The Fula language (Fula: Fulfulde, Pulaar, or Pular) is written primarily in the Latin script, but in some areas is still written in an older Arabic script called the Ajami script or in the recently invented Adlam script.
The Latin script was introduced to Fula-speaking regions of West and Central Africa by Europeans during, and in some cases immediately before, invasion. Various people — missionaries, colonial administrators, and scholarly researchers — devised various ways of writing . One issue similar to other efforts by Europeans to use their alphabet and home orthographic conventions was how to write African languages with unfamiliar sounds. In the case of Fula, these included how to represent sounds such as the implosive b and d, the ejective y, the velar n (the latter being present in European languages, but never in initial position), prenasalised consonants, and long vowels, all of which can change meaning.
Major influences on the current forms used for writing Fula were decisions made by colonial administrators in Northern Nigeria and the Africa Alphabet. Post independence African governments decided to retain the Latin alphabet as the basis for transcribing their languages. Various writers in Fula, such as Amadou Hampate Ba and Alfa Ibrahim Sow, wrote and published in this script.
Major UNESCO-sponsored conferences on harmonising Latin-based African language orthographies in Bamako in 1966 and Niamey in 1978 confirmed standards for writing Fula. Nevertheless, orthographies for the language and its variants are determined at the country level. So while Fula writing uses basically the same character sets and rules across the region, there are some minor variations.
- Long vowels are doubled
- Two different vowels are never used together
- To accentuate a consonant, double the consonant (or write ⟨'⟩ before the consonant; e.g., "temmeere" = "te'meere".)
Alphabets by countryEdit
Senegal, The Gambia, MauritaniaEdit
- a, aa, b, mb, ɓ, c, d, nd, ɗ, e, ee, f, g, ng, h, i, ii, j, nj, k, l, m, n, ŋ, ñ, o, oo, p, r, s, t, u, uu, w, x, y, ƴ
Prior to adoption of this system in 1989, the Guinean languages alphabet was used. This was based on the simple Latin alphabet with digraphs for the sounds particular to Pular, and is still used by some Pular speakers (in part because it can be typed using commercial keyboards). The character equivalents include: bh = ɓ ; dh = ɗ ; q = ɠ ; ny = ɲ (the French digraph gn is also used); nh = ŋ ; yh = ƴ. The old system also included: ty = c ; dy = j.
Guinea-Bissau, Sierra Leone, LiberiaEdit
Mali, Burkina FasoEdit
- a, aa, b, mb, ɓ, c, d, nd, ɗ, e, ee, f, g, ng, h, i, ii, j, nj, k, l, m, n, ŋ, ɲ, o, oo, p, r, s, t, u, uu, w, x, y, ƴ
Niger, Cameroon, Chad, Central African RepublicEdit
- a, aa, b, mb, ɓ, c, d, nd, ɗ, e, ee, f, g, ng, h, i, ii, j, nj, k, l, m, n, ŋ, ny, o, oo, p, r, s, t, u, uu, w, x, y, ƴ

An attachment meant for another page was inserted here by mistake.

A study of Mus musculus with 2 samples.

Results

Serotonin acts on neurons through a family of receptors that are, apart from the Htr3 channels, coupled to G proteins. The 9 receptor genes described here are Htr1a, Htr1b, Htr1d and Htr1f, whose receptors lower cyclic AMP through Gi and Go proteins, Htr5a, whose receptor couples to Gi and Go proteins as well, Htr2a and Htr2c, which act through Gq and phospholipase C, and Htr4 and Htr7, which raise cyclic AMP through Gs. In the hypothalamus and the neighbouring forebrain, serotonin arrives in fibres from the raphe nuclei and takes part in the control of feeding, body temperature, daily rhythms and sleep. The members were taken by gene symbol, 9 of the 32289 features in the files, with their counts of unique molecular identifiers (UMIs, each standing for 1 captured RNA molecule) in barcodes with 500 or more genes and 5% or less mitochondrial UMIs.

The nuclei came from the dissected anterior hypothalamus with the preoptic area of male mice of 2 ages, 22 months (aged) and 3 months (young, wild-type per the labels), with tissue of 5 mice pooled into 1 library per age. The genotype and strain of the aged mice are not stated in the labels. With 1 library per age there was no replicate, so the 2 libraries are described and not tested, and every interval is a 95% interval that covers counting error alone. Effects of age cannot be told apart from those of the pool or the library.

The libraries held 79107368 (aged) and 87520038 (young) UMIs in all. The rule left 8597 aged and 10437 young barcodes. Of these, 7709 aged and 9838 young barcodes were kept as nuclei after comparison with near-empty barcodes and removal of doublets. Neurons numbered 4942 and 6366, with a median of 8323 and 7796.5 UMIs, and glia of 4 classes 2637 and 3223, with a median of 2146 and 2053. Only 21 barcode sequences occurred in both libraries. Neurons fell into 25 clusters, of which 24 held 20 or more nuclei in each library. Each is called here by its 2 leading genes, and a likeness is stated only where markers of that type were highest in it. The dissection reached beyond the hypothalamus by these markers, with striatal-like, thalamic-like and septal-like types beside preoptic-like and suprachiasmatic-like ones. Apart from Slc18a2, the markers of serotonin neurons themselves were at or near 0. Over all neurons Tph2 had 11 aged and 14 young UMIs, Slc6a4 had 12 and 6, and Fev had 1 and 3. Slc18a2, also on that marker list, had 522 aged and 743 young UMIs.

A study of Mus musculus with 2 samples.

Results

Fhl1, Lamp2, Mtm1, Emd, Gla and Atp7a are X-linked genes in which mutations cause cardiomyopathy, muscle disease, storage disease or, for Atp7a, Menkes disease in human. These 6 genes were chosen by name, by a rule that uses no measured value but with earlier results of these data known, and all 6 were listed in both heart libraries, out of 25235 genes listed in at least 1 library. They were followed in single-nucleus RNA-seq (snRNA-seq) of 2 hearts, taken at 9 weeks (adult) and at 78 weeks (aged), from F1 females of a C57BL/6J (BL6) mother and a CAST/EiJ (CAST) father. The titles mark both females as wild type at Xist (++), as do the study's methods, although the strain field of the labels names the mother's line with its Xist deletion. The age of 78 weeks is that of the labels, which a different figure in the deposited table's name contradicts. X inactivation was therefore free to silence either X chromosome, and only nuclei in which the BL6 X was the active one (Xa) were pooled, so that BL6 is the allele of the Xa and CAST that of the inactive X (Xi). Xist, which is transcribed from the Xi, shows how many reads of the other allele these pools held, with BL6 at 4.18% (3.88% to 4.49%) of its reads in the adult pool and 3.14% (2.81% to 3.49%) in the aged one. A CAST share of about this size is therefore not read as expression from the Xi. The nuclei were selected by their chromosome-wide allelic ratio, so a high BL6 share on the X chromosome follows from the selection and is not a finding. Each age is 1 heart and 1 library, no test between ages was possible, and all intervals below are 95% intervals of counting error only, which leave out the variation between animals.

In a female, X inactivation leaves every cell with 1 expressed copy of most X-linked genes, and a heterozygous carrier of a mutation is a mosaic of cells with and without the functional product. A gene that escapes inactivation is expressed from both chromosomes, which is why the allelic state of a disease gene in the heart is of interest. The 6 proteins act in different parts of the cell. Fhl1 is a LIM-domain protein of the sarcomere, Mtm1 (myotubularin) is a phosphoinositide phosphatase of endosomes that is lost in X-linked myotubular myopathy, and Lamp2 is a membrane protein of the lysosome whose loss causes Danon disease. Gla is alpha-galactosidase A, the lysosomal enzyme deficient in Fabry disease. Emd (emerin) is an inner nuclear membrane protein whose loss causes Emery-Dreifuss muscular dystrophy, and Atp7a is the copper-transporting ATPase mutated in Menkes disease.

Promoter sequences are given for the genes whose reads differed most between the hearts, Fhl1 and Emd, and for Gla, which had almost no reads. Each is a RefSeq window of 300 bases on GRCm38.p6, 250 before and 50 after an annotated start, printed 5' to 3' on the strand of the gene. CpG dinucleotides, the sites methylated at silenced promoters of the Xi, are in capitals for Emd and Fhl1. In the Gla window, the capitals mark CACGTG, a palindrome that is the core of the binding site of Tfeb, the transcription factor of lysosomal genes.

Arabic (Ajami) alphabetEdit
The Arabic script was introduced into the West African Sahel with Islam several centuries before European colonization. As was the case with other languages such as Hausa, Muslim Fulas who went through Koranic education adapted the script to writing their language. This practice, while never formally standardized, followed some patterns of customary use in various regions. These usages differ on some details, mainly on how to represent certain consonants and vowels not present in the Arabic language.
|Creator||Ibrahima Barry and Abdoulaye Barry|
|ISO 15924||Adlm (166), Adlam|
During the late 1980s an alphabetic script was devised by the teenaged brothers Ibrahima and Abdoulaye Barry, in order to represent the Fulani language. After several years of development it started to be widely adopted among Fulani communities, and is currently taught in Guinea, Nigeria, Liberia and other nearby countries. The name adlam is an acronym derived from the first four letters of the alphabet (A, D, L, M), standing for Alkule Dandayɗe Leñol Mulugol ("the alphabet that protects the peoples from vanishing"). There are Android apps to send SMS in adlam and to learn the alphabet. On computers running Microsoft Windows, the adlam script is natively supported as part of the upcoming feature update of Windows 10 version 1903 (codenamed 19H1) build 18252.
The extended Latin characters used in the Latin transcription of Fula were incorporated since an early version of the Unicode Standard. At least some of the extended Arabic characters used in Ajami are also in the Unicode standard. The Adlam alphabet was added to the Unicode Standard in June 2016 with the release of version 9.0.
There has been at least one effort to adapt the N'Ko alphabet to the Pular language of Guinea. In the late 1960s, David Dalby recorded two additional scripts- the Dita script created by Oumar Dembélé (or Dambele) of Bamako, and another script created by Adama Ba. Dita was influenced by the traditional iconography of various Malian communities, while Ba's system is a cursive script which Dalby compares to the handwritten Latin alphabet. Both scripts were alphabetic in nature, and in the face of disapproval from officials who favored the promotion of Latin-script literacy, neither had seen widespread adoption as of 1969. 
- Dalby, Andrew (1998). Dictionary of Languages. Columbia University Press.
- Everson, Michael (2014-10-28). "N4628R: Revised proposal for encoding the Adlam script in the SMP of the UCS" (PDF). Retrieved 2016-06-22.
- The Alphabet That Will Save a People From Disappearing, Kaveh Waddell, Nov 16, 2016, The Atlantic
- Winden Jangen ADLaM: Cellphone Applications
- Announcing Windows 10 Insider Preview Build 18252
- Dalby, David (1969). "Further Indigenous Scripts of West Africa: Manding, Wolof and Fula Alphabets and Yoruba 'Holy' Writing". African Language Studies. University of London. School of Oriental and African Studies. X: 161–181.